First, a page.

King Gizzard & The Lizard Wizard: “We wanted a band where no-one had to practise, essentially!”

The psych-garage Australians introduce us to their world


For the Gizzard crew, an early high/low point arrived during an ill-advised dinner-hour gig before a particularly unappreciative audience. “I’d broken five out of my six guitar strings, which just seems so impossible,” says Mackenzie. “We got a few boos when we ended the show. Then this guy came up to the stage. I thought, ‘Cool, this guy is actually going to give us some encouraging feedback – that’s nice!’ And he said, ‘That was the worst show I’ve ever seen. You guys will never play a stadium.’”

Walker laughs. “We probably won’t still!”


“I never even envisioned us playing a stadium,” says Mackenzie. “But he did spur us on without knowing it.”

In fact, Mackenzie’s haphazard operation was soon developing ideas beyond its initially humble station. Though the first EPs and 2012’s full-length debut 12-Bar Bruise were steeped in the members’ shared love of big dumb garage rock, 2013’s “cult western audio book” Eyes Like The Sky previewed the conceptual scope of LPs to come. A bludgeoning 15-minute epic from the same year’s Float Along – Fill Your Lungs, “Head On/Pill” cemented the admittedly “bizarre” but devastatingly effective double-drummer lineup.

In another leap forward in 2014, they won an AU$50,000 music grant and used it to finance their first trip to America. When not attracting buzz in Brooklyn and recording part of 2015’s Papier Mâché Dream Balloon at Daptone Studios, they holed up in a cabin in upstate New York, where Mackenzie deftly avoided getting eaten by a bear.

Yet they really caught fire on last year’s Nonagon Infinity, a collection of full-throttle space-rockers that are ingeniously and maddeningly constructed as an infinite loop. “That record was hard to make in a lot of ways,” says Mackenzie. “We’re happy with how it turned out, but it kind of made me go insane.” Reflecting the songs’ fantastical characters and settings, the videos for “Gamma Knife” and “People-Vultures” enhanced the music’s crackpot appeal with no-budget homages to Alejandro Jodorowsky and Japanese tokusatu. After two years of relentless recording and touring, they planned to have a breather. As usual, things didn’t turn out that way. Says McKenzie, “I was like, ‘Damn, we’ve got so many good ideas – we’ve got to keep doing stuff.’ So that’s where the idea of making five albums came from.”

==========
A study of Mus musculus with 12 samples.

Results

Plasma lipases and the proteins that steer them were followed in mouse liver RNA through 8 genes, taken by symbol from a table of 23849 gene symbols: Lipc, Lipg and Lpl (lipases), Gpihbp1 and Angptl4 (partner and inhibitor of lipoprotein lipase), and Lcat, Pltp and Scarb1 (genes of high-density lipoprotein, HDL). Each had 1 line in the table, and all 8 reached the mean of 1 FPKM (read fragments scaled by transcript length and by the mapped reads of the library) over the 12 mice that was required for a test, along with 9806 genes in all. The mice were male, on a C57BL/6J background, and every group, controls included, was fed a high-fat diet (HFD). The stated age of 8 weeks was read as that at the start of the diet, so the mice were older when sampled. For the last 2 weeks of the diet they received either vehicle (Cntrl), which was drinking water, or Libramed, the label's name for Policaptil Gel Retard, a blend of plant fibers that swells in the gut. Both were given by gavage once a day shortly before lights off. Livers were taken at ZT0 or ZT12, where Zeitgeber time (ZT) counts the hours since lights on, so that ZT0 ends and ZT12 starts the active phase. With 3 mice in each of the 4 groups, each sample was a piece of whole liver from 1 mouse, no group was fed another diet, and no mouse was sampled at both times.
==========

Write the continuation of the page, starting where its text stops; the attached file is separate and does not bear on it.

“You said four originally,” adds Moore, who runs the band’s label Flightless out of the same Melbourne warehouse that houses their studio. “Why did you then say five?”

“I was just taking the piss out of myself,” Mackenzie admits, sparking a round of laughter.


A deep dive into Mackenzie’s love of Turkish psych-rocker Erkin Koray and non-Western modes, Flying Microtonal Banana arrived in February. Then came Murder Of The Universe, a heavy-duty triptych of tales with narration by their friend Leah Senior and a computer text-to-speech program, in June. A mellower set of collaborations with the American band Mild High Club, Sketches Of Brunswick East came out in August. As for the rest, well….

“Number four is not finished yet,” says Mackenzie. “It’s coming along, but it needs another month. We might not get the fifth finished. I hope we will… but we’ll see.”

Moore says they’ve been discussing a backup scenario. “Maybe it’ll be the very last minute of the year and we’ll put it out on Bandcamp.”

“It might come to that,” says Mackenzie sheepishly. They’ll likely be forgiven if they miss the deadline. For Gorman, King Gizzard’s discipline and creativity all demonstrate another advantage that Australian bands derive from their isolation, which is that you “need to be really fucking good” to make the world notice. As he says, “You gotta try hard when you live in the middle of nowhere.”